Garden smarter, not harder

By Dennis Patton

Let’s face it, we are all getting older. Gone are the days of my unlimited youthful energy. Now, I look for ways to work smarter, not harder.

This concept of working smarter, not harder can apply to many aspects of our daily lives. I find myself using this concept in my garden. I stare out the window and think, “Dennis, what were you thinking when you planted all these plants?” Should I consider downsizing? Or take a more positive spin and rightsize my garden?

Either downsize or rightsize, it boils down to a state of mind. No, I am not ready to give as I am still young. Someday I will retire, and then I will have the time I need to maintain my passion.

I hear you chuckling. Right? He will have all the time after he retires! He’s dreaming! I realize retirement doesn’t mean free time. It is just a different allocation of time and priorities.

In the meantime, I need to think about being smarter and not overextending my body. Gone are the days when I could garden nonstop for hours on end. Here are a few tips that help me become smarter and able to enjoy my hobby.

Protect Yourself
Before heading out to the garden, first take care of yourself. Cover exposed skin with sunscreen. Growing up on the farm, we did not know what we know today. It is never too late to prevent additional sun damage.
Wear a long-sleeved shirt and hat to cover your face and neck, reducing sun exposure. Gloves are a must to protect against scrapes and keep the dirt from getting caught under your nails. Footwear should be comfortable and provide protection just in case there is an accident.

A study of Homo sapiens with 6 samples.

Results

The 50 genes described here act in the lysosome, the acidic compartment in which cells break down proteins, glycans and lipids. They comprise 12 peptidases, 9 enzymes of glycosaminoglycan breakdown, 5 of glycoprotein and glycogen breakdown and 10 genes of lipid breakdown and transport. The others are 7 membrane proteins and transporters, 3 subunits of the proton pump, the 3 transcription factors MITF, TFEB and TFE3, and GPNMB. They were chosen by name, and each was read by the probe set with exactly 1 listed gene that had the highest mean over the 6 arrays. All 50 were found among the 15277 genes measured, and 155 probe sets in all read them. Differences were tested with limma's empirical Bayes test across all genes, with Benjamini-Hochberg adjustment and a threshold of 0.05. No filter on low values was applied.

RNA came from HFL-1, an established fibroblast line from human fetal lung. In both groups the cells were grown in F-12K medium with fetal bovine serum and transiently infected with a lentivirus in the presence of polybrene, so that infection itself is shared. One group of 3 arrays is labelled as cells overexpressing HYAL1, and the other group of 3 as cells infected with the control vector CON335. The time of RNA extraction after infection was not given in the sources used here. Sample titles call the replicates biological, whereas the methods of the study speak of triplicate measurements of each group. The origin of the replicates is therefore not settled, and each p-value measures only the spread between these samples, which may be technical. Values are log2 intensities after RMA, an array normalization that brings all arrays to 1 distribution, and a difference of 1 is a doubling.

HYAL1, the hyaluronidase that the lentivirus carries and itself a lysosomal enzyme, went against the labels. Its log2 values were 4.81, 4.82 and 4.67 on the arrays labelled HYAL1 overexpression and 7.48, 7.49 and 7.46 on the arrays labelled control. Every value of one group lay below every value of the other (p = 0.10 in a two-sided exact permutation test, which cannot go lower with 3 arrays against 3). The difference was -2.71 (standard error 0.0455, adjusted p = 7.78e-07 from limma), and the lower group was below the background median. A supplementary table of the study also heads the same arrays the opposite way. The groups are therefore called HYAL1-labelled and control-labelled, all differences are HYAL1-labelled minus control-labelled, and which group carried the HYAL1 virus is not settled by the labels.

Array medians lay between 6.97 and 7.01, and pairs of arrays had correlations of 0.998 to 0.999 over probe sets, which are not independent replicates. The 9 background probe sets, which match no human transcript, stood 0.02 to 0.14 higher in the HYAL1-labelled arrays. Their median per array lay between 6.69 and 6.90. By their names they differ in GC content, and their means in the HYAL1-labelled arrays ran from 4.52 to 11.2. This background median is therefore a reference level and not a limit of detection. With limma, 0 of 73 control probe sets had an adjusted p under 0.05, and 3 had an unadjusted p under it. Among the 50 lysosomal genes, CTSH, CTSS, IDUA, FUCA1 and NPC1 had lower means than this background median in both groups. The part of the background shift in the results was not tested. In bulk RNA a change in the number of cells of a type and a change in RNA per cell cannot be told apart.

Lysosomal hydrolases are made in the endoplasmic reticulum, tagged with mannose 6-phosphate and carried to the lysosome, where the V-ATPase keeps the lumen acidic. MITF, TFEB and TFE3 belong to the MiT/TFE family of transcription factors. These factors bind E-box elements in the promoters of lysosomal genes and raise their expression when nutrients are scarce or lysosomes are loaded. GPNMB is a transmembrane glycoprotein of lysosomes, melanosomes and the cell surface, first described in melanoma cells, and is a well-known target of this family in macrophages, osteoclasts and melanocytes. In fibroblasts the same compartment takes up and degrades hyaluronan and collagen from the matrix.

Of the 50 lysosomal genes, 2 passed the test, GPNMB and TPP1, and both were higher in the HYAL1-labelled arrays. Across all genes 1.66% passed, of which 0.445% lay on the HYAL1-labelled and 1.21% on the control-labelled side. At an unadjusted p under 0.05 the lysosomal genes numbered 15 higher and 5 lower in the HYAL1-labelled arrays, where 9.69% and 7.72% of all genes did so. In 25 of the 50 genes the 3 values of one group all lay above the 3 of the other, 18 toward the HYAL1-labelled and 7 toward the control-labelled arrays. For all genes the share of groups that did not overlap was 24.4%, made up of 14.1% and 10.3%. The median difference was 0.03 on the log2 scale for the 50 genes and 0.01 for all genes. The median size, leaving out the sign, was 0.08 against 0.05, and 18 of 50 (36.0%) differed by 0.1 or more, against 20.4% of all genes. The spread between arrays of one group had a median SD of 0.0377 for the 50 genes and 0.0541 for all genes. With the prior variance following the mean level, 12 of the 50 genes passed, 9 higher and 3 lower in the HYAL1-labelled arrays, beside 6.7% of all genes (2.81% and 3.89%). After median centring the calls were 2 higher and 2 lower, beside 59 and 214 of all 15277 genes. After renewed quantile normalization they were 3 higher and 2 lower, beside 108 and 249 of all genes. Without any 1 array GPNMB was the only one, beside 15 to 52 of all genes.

Hydrate and Stretch
Make sure to drink plenty of water prior to working in the garden. Being fully hydrated helps maximize your physical performance. I carry a water bottle into the garden to have at hand. Getting dehydrated happens quickly on a warm sunny day. Dehydration can lead to injury and cause stress on the body.

Gardening requires bending, stooping and putting your body in all sorts of poses. Before jumping right into the heavy work, warm up your muscles. I find a short walk to stretch my legs and simple body stretches to loosen the muscles prepare me for the tasks at hand. Again, staying properly hydrated is one of the best defenses. Gardening is a great hobby to help keep the body fit. Mowing and raking are considered moderate exercises. Bending, stretching, digging and chopping are all motions associated with gardening and count as vigorous exercise.

Reward Yourself
While working in the garden, don’t forget to take breaks and relax. Pull up a chair on the patio, grab the water bottle and rest a bit if feeling overworked. This gives you a chance to take stock of your accomplishments and prioritize what needs to be done next. I have learned it is about a mindset as I age. Most importantly, know when to call it a day. Instead of focusing on what didn’t get accomplished, think about what projects were achieved. They say one of the advantages of being older is wiser.

So, let’s be smarter when we step out into the garden and enjoy it just a little longer.

Dennis Patton is horticulture agent at the Johnson County K-State Research and Extension Office.